Last week four central banks took monetary policy decisions with two banks (Turkey andColombia) taking further steps to ease their stance while the other two (Thailand and Namibia) kept rates on hold, illustrating how monetary policy on a global scale remains accommodative despite fresh signs that the cycle of loose policy is nearing its end.
Ultra-low interest rates in advanced economies continues to push funds toward higher yielding yet safe currencies, such as Turkey and Thailand, with Turkey's central bank drawing on its arsenal to prevent capital inflows from boosting its currency and domestic assets while the economy is weak.
But the main focus of last week was the Federal Reserve's minutes from its January meeting that showcased the intensifying debate over how and when the Fed should exit from quantitative easing.
While there is no doubt of the Fed's commitment to easy money and questions over the economic impact of its latest asset purchase program, global financial markets are hyper-sensitive to any sign the program is coming to an end.
The strong reaction of markets for the second month in a row to a debate over when to rein in quantitative easing illustrates the intense pressure on the Fed to choose its exit route carefully so it doesn't destroy markets' and consumers' fragile confidence and derail the economic recovery.
China's move to drain funds from markets for the first time in eight months also served to remind financial markets of just how accommodative global monetary policy is - and has been for the last five years - and how the global shift to a more neutral policy is likely to be a recurring theme.
Through the first eight weeks of this year, 77 percent of this year's 69 policy decisions among the 90 central banks followed by Central Bank News have favoured unchanged rates compared with 19 percent of decisions favouring rate cuts. This ratio is steady from last week.
While the overall global economy remains sluggish, the contrast between Colombia and Thailand shows how growth in Asia is continuing to pick up speed while the slowdown in most of South America has yet to ease its grip.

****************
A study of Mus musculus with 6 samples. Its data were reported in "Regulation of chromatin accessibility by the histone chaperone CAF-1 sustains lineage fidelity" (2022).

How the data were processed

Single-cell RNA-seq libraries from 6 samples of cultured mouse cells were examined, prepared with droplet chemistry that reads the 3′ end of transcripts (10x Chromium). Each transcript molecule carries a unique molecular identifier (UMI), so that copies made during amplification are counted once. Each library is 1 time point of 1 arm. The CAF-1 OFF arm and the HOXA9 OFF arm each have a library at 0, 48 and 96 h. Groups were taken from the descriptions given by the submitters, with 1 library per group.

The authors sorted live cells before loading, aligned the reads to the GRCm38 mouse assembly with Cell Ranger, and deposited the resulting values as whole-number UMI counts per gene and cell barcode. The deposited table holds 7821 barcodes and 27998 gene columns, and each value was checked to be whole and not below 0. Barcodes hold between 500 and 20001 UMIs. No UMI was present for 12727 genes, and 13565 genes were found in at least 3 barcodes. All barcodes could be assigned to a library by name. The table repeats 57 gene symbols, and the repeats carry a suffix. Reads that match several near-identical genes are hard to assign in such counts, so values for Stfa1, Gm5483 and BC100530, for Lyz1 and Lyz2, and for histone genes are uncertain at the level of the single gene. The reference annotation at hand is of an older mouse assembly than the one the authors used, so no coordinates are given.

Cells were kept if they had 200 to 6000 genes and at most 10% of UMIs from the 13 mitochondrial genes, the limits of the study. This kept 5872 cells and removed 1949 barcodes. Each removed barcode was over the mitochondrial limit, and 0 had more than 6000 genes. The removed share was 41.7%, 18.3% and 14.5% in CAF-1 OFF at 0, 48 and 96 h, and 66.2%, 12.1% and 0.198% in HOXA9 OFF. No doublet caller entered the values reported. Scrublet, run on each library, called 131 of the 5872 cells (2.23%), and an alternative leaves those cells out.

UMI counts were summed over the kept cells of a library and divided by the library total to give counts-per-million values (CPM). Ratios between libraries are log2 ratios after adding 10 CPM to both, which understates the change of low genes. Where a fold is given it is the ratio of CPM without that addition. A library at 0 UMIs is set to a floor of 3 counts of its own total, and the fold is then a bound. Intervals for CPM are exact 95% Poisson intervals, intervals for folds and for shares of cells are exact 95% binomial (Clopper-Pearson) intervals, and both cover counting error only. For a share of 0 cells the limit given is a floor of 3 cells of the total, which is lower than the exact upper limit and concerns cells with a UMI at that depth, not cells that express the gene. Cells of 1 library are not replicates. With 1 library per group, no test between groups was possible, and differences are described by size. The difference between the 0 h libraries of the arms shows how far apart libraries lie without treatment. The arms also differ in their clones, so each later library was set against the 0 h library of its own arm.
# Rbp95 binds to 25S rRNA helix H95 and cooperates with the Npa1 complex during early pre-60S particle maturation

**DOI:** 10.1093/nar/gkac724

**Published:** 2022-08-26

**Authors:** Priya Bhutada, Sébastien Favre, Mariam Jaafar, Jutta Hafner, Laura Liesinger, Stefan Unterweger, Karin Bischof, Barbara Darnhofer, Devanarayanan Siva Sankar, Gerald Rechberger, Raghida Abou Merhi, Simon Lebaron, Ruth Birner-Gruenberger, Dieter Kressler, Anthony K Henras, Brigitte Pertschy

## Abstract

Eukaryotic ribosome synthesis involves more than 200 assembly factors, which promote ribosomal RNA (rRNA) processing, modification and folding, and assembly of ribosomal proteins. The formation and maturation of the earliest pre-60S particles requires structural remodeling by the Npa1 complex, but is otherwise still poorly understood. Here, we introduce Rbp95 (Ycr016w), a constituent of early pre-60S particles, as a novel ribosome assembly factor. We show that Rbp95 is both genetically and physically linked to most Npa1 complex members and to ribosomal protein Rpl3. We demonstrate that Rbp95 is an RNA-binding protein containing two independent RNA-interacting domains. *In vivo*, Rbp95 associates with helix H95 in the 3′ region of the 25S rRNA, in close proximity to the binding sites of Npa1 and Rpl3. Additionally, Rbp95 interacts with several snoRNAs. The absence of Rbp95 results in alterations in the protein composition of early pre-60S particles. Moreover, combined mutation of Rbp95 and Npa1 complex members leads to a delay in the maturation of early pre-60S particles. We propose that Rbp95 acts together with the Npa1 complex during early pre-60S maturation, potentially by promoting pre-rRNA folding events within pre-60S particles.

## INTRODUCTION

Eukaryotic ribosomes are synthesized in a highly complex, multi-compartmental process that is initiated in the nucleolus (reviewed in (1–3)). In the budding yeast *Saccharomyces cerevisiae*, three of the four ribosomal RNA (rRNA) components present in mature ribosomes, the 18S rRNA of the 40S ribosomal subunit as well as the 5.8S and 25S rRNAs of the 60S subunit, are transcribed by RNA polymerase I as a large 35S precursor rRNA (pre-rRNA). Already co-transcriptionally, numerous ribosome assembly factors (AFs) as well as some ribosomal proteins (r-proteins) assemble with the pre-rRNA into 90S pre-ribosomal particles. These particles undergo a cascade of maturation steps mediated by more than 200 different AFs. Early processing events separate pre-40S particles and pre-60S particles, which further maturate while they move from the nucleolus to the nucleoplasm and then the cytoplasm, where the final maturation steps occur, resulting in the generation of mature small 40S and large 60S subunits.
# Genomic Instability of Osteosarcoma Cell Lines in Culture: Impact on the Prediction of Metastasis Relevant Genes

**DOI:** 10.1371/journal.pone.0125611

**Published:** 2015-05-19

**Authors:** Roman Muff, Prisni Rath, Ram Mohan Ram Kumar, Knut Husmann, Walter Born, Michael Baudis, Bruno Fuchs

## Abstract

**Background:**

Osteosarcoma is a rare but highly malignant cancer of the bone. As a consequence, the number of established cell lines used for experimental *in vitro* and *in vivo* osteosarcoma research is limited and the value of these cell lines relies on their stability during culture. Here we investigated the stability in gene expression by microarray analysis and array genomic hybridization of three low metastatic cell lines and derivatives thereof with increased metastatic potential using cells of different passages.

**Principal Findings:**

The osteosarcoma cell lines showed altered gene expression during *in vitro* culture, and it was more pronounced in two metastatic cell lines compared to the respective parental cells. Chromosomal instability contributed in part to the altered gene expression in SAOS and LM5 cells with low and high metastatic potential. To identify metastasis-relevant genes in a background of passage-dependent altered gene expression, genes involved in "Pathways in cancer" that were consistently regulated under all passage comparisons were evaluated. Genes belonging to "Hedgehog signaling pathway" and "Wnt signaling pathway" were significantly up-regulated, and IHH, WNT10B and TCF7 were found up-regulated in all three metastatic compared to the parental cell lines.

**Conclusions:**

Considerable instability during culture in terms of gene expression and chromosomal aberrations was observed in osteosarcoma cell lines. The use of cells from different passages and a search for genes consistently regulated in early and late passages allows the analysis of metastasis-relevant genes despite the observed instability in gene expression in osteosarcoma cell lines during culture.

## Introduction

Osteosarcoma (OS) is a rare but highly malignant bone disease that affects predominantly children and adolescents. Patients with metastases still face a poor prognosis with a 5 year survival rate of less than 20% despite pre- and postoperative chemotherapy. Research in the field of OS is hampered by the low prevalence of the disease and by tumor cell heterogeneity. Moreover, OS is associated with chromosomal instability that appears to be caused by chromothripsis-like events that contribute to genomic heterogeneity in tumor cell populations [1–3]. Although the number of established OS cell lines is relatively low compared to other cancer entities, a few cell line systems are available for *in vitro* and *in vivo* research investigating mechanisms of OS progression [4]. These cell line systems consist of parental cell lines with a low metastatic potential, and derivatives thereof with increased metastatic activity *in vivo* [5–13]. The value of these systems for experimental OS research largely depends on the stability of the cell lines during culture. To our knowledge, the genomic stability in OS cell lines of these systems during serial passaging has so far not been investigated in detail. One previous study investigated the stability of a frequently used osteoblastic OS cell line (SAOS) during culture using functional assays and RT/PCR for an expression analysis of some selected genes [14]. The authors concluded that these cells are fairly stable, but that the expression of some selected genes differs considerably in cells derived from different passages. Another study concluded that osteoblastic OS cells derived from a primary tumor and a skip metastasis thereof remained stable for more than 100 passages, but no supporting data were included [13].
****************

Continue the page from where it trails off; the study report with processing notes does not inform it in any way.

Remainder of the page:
Colombia's central bank cut its key rate for the sixth time since it embarked on an easing cycle last July and is concerned that low inflationary expectations could become entrenched amid a weakening economy, a sign that further rate cuts are likely.
The Bank of Thailand is facing the opposite situation with its economy growing faster than expected and growing inflationary pressures. It is among the handful of Asian central banks that may raise rates later this year to curtail inflation from a combination of strong domestic demand, growing exports and capital inflow that is pushing up its currency and adding further fuel to asset prices.
Turkey's creative and flexible monetary policy was once again on display this week as the bank tries to find the right balance between stimulating economic growth yet discouraging hot money from flowing into the country to take advantage of the relatively high interest rates.
While the Central Bank of the Republic of Turkey eased its policy stance by cutting short-term rates, it combined this with a "measured tightening" of reserve requirements - a macroprudential measure - to limit capital inflows and excessive bank lending. Meanwhile, the benchmark interest rate, seen as a more heavy-handed tool, was left unchanged.
The immediate effect was that the Turkish lira fell, showing that its nimble and multi-pronged policy is still paying off.
LAST WEEK'S (WEEK 8) MONETARY POLICY DECISIONS:
Other events that financial markets will closely follow include Italy's general election on Sunday and Monday and Federal Reserve Chairman Ben Bernanke's scheduled testimony on Tuesday and Wednesday to the Senate Banking Committee.